Winter’s Bone

Jennifer Lawrence in <i>Winter's Bone</i>
Opening with an understated, mood-setting vocal performance of “The Missouri Waltz” as a soundtrack for imagery captured deep, deep within flyover country, Winter’s Bone hinges largely on the execution of a simple idea — it’s a formula mystery story set in rural Missouri.

The mystery has to do with the current whereabouts of Jessup Dolly, who put up his family’s home as bond after going to jail on charges relating to meth-cooking. The local sheriff swings by to warn 17-year-old Ree (Jennifer Lawrence) that if the now-absent Jessup doesn’t show up in time for an upcoming court date, she stands to lose the house that she occupies with her invalid mother and younger brother and sister — a disaster. Ree sets out on a small-scale odyssey, contacting her kin and her extended kin to see if anyone will help her track Jessup down.

The engine that drives Winter’s Bone is a sense of menace. The first stop on Ree’s journey is one branch up the family tree, where she seeks out an uncle named Teardrop (John Hawkes), who sports a tiny, unremarked-upon tattoo of an “X” near the corner of one lower eyelid. Teardrop’s not willing to tell her anything, but that chilly reception is a warm embrace compared to the icy glares she gets as she ventures into the territory occupied by her more and more distant kin. Nobody even pretends to be happy to see her. Most of them warn her against digging any further. Daddy was in with some bad people. Ree knows that, and still she presses on.

The world of Winter’s Bone is full of poverty and listlessness, seemingly outside the real governance of law and ravaged by meth addiction. These people have their years written on their faces; seldom have so many hard looks been directed cameraward over the course of a single American film. From the film’s opening shots, accompanied by a plaintive vocal rendition of “The Missouri Waltz,” there’s an economy and austerity to director Debra Granik’s approach that well serves its sense of place. But this is no art-damaged film-school project.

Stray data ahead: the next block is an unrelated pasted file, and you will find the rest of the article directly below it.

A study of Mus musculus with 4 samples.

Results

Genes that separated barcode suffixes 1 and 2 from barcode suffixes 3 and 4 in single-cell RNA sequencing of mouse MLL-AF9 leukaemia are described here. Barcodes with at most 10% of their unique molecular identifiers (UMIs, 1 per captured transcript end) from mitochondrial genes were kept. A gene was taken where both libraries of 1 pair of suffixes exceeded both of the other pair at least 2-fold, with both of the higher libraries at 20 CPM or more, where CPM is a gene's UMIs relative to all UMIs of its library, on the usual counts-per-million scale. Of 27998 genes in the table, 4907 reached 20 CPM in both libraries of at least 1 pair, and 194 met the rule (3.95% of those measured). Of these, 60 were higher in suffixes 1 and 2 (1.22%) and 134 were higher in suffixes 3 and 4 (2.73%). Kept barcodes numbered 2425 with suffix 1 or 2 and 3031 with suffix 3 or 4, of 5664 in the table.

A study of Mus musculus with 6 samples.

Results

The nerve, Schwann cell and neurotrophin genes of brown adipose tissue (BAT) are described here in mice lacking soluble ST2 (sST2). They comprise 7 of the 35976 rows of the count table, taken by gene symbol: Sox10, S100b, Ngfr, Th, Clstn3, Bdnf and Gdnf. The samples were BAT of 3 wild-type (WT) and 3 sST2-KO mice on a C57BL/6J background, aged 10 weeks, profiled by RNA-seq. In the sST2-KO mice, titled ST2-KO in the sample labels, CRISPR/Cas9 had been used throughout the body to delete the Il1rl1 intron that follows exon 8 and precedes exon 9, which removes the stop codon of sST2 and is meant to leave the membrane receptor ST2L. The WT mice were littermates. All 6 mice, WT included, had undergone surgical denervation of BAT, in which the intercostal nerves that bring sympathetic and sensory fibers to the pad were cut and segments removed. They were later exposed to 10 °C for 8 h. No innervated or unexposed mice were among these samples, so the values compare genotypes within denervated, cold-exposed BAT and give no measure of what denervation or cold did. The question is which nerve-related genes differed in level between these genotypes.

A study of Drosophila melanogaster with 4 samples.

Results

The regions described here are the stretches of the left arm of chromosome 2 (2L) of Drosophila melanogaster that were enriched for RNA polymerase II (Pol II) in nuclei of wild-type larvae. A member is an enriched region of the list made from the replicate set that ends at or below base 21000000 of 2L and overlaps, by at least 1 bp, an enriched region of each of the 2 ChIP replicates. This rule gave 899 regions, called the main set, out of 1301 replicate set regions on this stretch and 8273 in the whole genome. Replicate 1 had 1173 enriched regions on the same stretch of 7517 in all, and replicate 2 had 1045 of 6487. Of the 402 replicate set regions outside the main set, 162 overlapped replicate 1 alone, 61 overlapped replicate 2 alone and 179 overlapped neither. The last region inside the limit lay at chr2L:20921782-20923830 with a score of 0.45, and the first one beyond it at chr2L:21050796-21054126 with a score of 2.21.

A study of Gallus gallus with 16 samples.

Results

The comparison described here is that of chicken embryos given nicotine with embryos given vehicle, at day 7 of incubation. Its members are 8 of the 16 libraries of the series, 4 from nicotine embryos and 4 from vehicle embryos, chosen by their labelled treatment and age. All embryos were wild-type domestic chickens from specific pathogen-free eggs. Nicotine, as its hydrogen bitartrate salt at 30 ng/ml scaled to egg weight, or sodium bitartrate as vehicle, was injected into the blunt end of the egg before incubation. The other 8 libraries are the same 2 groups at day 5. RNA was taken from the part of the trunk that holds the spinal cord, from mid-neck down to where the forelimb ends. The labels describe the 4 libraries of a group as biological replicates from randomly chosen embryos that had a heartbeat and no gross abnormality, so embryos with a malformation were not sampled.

Beyond its use of authentic and unusual locations, the film fully embraces its status as a genre piece, pushing story ahead by nervous leaps and bounds rather than parceling it out in inches. (Presumably the source material, a novel by Daniel Woodrell, helped put everything in motion.)

There is one stylistic element of Winter’s Bone that I found mildly abrasive, and that’s the decision to make southern Missouri impossibly eerie and alien-looking. Most of the film has been given a heavy, blue-green cast that enhances the film’s inherent feeling of desperation into luridness, laying on most every character the sickly pallor of the walking dead. I longed to see what the landscape might look like in its natural colors. You can feel an outsider’s fascination with the otherness of these locations in some of the imagery, too, as in a scene where the camera takes in the ruined hulks of auto bodies in somebody’s yard in a jittery, almost claustrophobic way that suggests a discomfiting sense of decay and danger. It’s an effective bit of stage-setting, sure, but it also made me think that no one who actually lives anywhere near the Ozarks is going to take note of, let alone feel the least bit hemmed in by, a bunch of old junk cluttering up someone’s yard.

But that’s a minor complaint in the face of everything the film gets right. Lawrence, especially, is terrific — unselfconscious and unsentimental — as a girl who puts her head down and hits the pavement with a grim resolve and an absence of self-pity to throw herself at the mercy of men who feel they owe her no favors and may in fact wish her ill. The film, too, is strikingly unsentimental. It has no time for backstory, moral lessons, or other cute stuff. What it comes through with is scary, molar-grinding set pieces that make its Missouri mystery story completely satisfying without compromising its integrity. A terrific little film.